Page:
Selecting Indicators for Understanding Arctic Change and Its Implications

Authors: Florence Fetterer*, National Snow and Ice Data Center, CIRES, University of Colorado, Diane M. Stanitski, NOAA Earth System Research Laboratory, Global Monitoring Division, Matthew Druckenmiller, National Snow and Ice Data Center, CIRES, University of Colorado, Boulder, Janet M. Intrieri, NOAA Earth System Research Laboratory, Physical Sciences Division, Walter N. Meier, National Snow and Ice Data Center, CIRES, University of Colorado
Topics: Cryosphere, Polar Regions, Hazards and Vulnerability
Keywords: Arctic,climate,indicators,Alaska,NOAA,USGCRP
Session Type: Poster
Day: 4/12/2018
Start / End Time: 1:20 PM / 3:00 PM
Room: Napoleon Foyer/Common St. Corridor, Sheraton, 3rd Floor
Presentation File: Download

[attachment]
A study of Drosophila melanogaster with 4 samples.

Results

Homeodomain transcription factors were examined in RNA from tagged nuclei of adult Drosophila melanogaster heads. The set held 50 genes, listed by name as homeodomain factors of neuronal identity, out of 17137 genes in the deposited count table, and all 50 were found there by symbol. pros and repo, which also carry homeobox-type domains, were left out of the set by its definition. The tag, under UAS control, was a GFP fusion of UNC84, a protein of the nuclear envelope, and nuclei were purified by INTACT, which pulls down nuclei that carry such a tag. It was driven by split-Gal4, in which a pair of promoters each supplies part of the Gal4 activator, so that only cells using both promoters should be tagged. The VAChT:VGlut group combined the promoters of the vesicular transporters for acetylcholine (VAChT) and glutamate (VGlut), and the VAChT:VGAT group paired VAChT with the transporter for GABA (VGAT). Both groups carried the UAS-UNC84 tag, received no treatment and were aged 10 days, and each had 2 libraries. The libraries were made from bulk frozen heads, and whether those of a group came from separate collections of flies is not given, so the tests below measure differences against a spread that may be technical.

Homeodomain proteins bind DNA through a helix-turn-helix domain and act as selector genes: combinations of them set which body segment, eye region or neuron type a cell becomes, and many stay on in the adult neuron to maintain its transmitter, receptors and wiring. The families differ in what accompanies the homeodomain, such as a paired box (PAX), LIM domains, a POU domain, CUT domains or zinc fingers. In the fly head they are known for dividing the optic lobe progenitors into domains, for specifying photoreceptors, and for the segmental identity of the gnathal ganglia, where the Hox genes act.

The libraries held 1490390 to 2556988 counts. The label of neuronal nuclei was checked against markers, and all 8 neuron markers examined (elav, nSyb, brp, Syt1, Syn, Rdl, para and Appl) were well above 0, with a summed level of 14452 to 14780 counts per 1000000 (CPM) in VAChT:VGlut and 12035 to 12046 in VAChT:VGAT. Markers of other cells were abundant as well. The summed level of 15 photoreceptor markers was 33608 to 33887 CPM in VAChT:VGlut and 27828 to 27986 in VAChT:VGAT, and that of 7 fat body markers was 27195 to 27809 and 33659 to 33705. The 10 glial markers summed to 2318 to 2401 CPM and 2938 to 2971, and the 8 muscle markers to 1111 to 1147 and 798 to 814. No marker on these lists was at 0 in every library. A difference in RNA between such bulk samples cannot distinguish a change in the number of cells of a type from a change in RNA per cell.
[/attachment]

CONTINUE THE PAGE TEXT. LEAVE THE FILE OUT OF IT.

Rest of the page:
The Arctic is warming about two times faster than the rest of the planet. The Gulf Coast saw record-breaking cold as the jet stream reached south in January 2018, while on 14 January the maximum temperature in Ketchikan reached 67 deg F, the highest January daily temperature ever recorded in Alaska. January 2016 and January 2017 were almost 15 deg and 2 deg F higher, respectively, than average across Alaska. Alaskans are seeing the impacts of this rapid warming now. National security and maritime safety sectors, fisheries and tourism industries, as well as state and community leaders, depend on access to indicators of change in order to plan for warming and the associated physical, ecological, social, and economic impacts. Indicators, usually consisting of time series of physical or biological data like sea ice extent or bird population numbers, track change that can be reported in assessments and used in agency planning as well as for scientific research. Using decision criteria closely aligned with those used for the U.S. National Climate Indicators System, we identified 11 priority indicators of Arctic change and an additional two assessment projects that we promote for full development and support. Indicators, along with collaboration spaces like that of the U.S. Interagency Arctic Research Policy Committee, make it easier for different disciplines, groups, and interests to access multiple sources of evidence, to collaborate, and to contribute to sound public policy.